Trey Couvillion , LSU Manship School News Service
BATON ROUGE — Popular ridesharing apps Uber and Lyft might soon pick up passengers in all corners of the state, as legislators advanced a bill Tuesday that would expand the services statewide.
The proposed legislation, authored by Rep. Tanner Magee, R-Houma, would expand services of Uber, the industry’s leader, and Lyft, the second-largest rideshare app beyond some of the state’s biggest cities.
The Department of Transportation and Development would have authority to regulate the industry on a statewide level while not disturbing the rules set by some cities.
The House Transportation Committee debated the bill for more than an hour, with lawmakers stressing the importance of consistent vetting processes and arguing about whether DOTD reviews of drivers’ records should make them public.
A similar bill, proposed by House Speaker Rep. Taylor Barras, R-New Iberia, was struck down in the Senate last year. The current bill requires DOTD to review, but not obtain, a sample of records provided by the ride-hailing companies.
In February, a woman was reportedly sexually assaulted in Baton Rouge when she got into the vehicle of someone who was impersonating a rideshare service. In 2018, a fake rideshare driver demanded money from LSU’s students at knifepoint.
Scott Sternberg, general counsel to the Louisiana Press Association, sparked the debate Tuesday by insisting that all records viewed by DOTD become public.
“The people and the press should be allowed to view those records, and that’s my opposition to this small part of the bill,” Scott Sternberg said.
Rep. Magee countered that all criminal records from Uber and Lyft drivers are already public records and that language in the bill suggests that DOTD could request documents from the companies, which would in turn make them public records.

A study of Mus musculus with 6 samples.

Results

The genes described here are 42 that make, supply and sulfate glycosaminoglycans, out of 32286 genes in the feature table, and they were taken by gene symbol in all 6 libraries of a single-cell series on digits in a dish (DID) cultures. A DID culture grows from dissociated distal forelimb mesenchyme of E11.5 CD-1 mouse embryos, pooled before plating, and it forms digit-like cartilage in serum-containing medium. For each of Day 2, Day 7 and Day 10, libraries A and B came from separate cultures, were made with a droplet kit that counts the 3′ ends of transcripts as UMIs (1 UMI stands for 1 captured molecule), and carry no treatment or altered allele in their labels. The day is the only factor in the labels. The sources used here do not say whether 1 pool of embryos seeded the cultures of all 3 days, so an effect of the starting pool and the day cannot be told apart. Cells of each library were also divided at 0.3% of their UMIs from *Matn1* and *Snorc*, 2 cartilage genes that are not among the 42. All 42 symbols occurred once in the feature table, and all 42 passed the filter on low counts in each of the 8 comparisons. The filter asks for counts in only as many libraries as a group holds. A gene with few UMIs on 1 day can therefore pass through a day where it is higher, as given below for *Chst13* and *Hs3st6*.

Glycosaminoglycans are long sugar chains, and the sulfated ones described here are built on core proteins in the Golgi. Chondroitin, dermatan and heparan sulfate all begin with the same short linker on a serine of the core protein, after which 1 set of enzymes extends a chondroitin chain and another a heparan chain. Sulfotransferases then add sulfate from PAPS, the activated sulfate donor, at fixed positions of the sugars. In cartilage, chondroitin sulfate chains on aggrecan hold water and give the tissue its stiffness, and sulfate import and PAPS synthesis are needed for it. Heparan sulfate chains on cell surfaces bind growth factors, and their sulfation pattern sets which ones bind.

“We’re setting the floor with this bill, not the ceiling,” Magee said, as questions from Sternberg and legislators poured in on the language of the bill regarding access to background checks and driving records.
“I think we’re getting lost in some of the weeds and some of the details,” Magee said. “DOTD needs to make these rules because they’re the regulator.”
Sternberg argued that the bill in its current state allows too much discretion on the part of Uber and Lyft to provide records on drivers.
Magee maintained that Uber uses a thorough background check system to verify drivers’ histories before they get behind the wheel.
Magee also argued the bill should protect drivers’ personal information. “If they have their whole lives being stored at DOTD, it’s going to disincentivize them to participate,” Magee said.
Uber and Lyft passengers already have access to their driver’s name and picture, along with the license plate number and vehicle model.
Compared to traditional taxis, Rep. Malinda White, D-Bogalusa, said these companies improve rider safety by providing this added information. “I’ve seen the transition in this industry to where we’re looking for those conveniences,” White said.
Echoing Sternberg’s concerns, Rep. Jerry Gisclair, D-Larose, filed an amendment to get rid of a confidentiality clause and let the records inspected by DOTD become public.
Nick Juliano, the Southeast Public Affairs Manager at Uber, emphasized the need for some confidentiality. He cited incidents in New Orleans where drivers’ records, including their full names and addresses, were made public and drivers later had their tires slashed and received threats.
Juliano said current laws protect this information and that Uber has “guard rails” in place to protect it as well.
Gisclair’s amendment failed in a 10 to 5 vote.
Legislatures have regulated rideshare apps in almost every state, including Texas, Arkansas and Mississippi, but not without controversy.
“This is what 44 states have already done,” Magee said. “This is just allowing the rest of us to get in on it.”